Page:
Korea, Uzbek to begin trade negotiation this year

Christel Deskins

The government will begin trade negotiations with Uzbekistan this year, in the latest move to advance President Moon Jae-in’s New Northern Policy initiative to improve ties with countries in Central Asia. Deputy Prime Minister and Finance Minister Hong Nam-ki said Monday that talks will begin this year upon completion of […]

The government will begin trade negotiations with Uzbekistan this year, in the latest move to advance President Moon Jae-in’s New Northern Policy initiative to improve ties with countries in Central Asia.

Deputy Prime Minister and Finance Minister Hong Nam-ki said Monday that talks will begin this year upon completion of the necessary procedures including submitting a report to the National Assembly this month on the development of working-level bilateral agreements so far.

“A joint feasibility study on Korea-Uzbek trade was concluded, July 6, followed by a public hearing July 31,” he said during a ministerial-level meeting at the Seoul Government Complex in Gwanghwamun. “The government will initiate trade talks to strengthen the country’s foothold in a market with great growth potential.”

The government expects tangible economic results from a partnership with Uzbekistan, among key countries which the government calls “New Northern Nations,” alongside Russia and Mongolia.

Most pressing is prompt and detailed cooperation in advancing almost 100 bilateral business projects, including 39 outlined in April, 2019, in a summit in Uzbekistan, and 57 outlined April 13 during a telephone conversation.

Uzbek President Shavkat Mirziyoyev will come to Korea to strengthen the partnership within the year, according to Ministry of Economy and Finance, following a July 7 visit by Sardor Umurzakov, the country’s deputy prime minister for investments and foreign economic affairs.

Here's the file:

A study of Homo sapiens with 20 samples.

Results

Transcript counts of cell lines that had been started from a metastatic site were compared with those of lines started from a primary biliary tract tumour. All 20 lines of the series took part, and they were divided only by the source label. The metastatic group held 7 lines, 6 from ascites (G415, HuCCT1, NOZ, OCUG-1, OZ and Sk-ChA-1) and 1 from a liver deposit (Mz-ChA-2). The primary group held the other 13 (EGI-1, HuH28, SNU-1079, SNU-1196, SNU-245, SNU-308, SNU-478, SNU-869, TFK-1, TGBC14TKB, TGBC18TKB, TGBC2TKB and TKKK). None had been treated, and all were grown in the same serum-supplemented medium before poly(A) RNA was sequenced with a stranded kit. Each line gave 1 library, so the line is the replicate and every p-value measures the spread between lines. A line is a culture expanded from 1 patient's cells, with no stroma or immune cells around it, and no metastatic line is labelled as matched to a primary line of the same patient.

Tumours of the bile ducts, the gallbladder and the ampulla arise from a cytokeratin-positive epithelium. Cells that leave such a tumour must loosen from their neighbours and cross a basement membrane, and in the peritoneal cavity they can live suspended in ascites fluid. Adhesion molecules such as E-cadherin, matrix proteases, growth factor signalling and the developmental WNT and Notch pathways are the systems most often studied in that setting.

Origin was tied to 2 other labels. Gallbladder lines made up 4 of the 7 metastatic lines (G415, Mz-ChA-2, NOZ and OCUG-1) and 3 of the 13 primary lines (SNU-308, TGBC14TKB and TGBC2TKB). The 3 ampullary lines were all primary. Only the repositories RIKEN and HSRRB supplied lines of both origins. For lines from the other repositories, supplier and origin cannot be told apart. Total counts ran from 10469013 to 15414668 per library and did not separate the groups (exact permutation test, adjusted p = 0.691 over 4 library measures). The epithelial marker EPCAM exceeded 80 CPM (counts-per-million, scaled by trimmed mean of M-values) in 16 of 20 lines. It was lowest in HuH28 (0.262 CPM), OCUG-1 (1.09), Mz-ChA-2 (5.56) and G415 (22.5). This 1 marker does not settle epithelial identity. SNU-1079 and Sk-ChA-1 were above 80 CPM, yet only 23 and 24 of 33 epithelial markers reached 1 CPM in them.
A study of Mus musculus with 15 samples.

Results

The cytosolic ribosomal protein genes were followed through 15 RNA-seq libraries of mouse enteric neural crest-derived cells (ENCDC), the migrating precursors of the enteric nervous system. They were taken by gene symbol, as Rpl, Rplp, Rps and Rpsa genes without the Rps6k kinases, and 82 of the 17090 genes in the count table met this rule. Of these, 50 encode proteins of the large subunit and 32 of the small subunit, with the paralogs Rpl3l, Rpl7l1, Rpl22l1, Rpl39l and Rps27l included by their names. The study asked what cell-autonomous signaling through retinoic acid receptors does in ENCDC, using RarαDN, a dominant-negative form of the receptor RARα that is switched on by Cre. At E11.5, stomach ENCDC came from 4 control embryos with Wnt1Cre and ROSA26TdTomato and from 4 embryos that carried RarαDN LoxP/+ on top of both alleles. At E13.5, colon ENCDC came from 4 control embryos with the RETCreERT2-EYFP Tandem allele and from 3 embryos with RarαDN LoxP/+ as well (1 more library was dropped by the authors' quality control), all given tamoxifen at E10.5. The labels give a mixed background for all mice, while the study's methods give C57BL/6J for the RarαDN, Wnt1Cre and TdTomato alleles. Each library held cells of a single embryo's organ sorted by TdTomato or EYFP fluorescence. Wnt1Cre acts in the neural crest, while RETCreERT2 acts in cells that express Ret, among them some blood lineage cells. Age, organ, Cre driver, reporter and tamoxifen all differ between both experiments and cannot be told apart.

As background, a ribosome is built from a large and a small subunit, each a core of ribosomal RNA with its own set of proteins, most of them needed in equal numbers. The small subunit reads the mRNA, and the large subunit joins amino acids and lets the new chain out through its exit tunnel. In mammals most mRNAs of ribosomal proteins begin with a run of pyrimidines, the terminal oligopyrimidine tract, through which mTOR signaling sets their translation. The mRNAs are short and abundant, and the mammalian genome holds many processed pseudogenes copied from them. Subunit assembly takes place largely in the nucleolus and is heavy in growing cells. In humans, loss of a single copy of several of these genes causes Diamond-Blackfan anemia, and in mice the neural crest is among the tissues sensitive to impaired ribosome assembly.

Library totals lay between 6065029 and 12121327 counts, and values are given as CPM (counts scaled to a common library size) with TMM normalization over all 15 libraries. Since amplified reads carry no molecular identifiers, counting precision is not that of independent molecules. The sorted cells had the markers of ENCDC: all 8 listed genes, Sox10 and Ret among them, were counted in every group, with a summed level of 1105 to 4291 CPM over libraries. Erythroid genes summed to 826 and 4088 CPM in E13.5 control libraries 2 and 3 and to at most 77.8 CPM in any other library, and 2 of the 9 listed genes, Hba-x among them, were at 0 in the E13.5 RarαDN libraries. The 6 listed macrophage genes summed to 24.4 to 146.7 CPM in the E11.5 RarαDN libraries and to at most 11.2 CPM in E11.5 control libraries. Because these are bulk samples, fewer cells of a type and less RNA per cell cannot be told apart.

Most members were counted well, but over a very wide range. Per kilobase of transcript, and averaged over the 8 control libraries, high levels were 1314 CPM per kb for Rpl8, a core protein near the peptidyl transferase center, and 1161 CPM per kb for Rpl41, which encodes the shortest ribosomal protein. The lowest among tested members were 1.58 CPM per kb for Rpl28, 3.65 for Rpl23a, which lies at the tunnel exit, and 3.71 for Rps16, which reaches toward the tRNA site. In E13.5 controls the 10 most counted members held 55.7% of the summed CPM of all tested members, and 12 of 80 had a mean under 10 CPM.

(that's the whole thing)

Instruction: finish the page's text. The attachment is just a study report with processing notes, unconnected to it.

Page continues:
The state visit will bolster “investment development,” which the ministry called an advanced form of turnkey project financing. This is a high-value creation growth initiative whereby Korean developers oversee and manage the entire process, including business model planning, equity investment, product purchases, construction and facility operation.

Also to be discussed is the extension of a three-year joint business project concerning a $500 million (593 billion won) Economic Development Cooperation Fund (EDCF) set to expire in 2020. Under the project, Korea helped the country set up a school of medicine, a national cancer center and a national geographical information system.

The announcement comes amid growing trade volume between Korea and Uzbekistan over the past few years.

Data from the Ministry of Trade, Industry and Energy showed Korea’s exports to the Central Asian country spiked to $2.1 billion in 2018, up 79.4 percent from a year earlier, a rapid increase from $1.1 billion in 2017 when the year-on-year jump was 27.2 percent.

Key export items include cars, car parts and electronic appliances among other consumer goods. Over 60 Korean firms, including Samsung Electronics, LG Electronics and POSCO International, have set up corporate bodies there.

The Korean Agency for Technology and Standards supervised by the trade ministry held a consultative meeting with its Uzbek counterpart the UZSTANDART Agency last November, over technology-related regulations among overall certification rules, an issue crucial for Korean firms’ exports.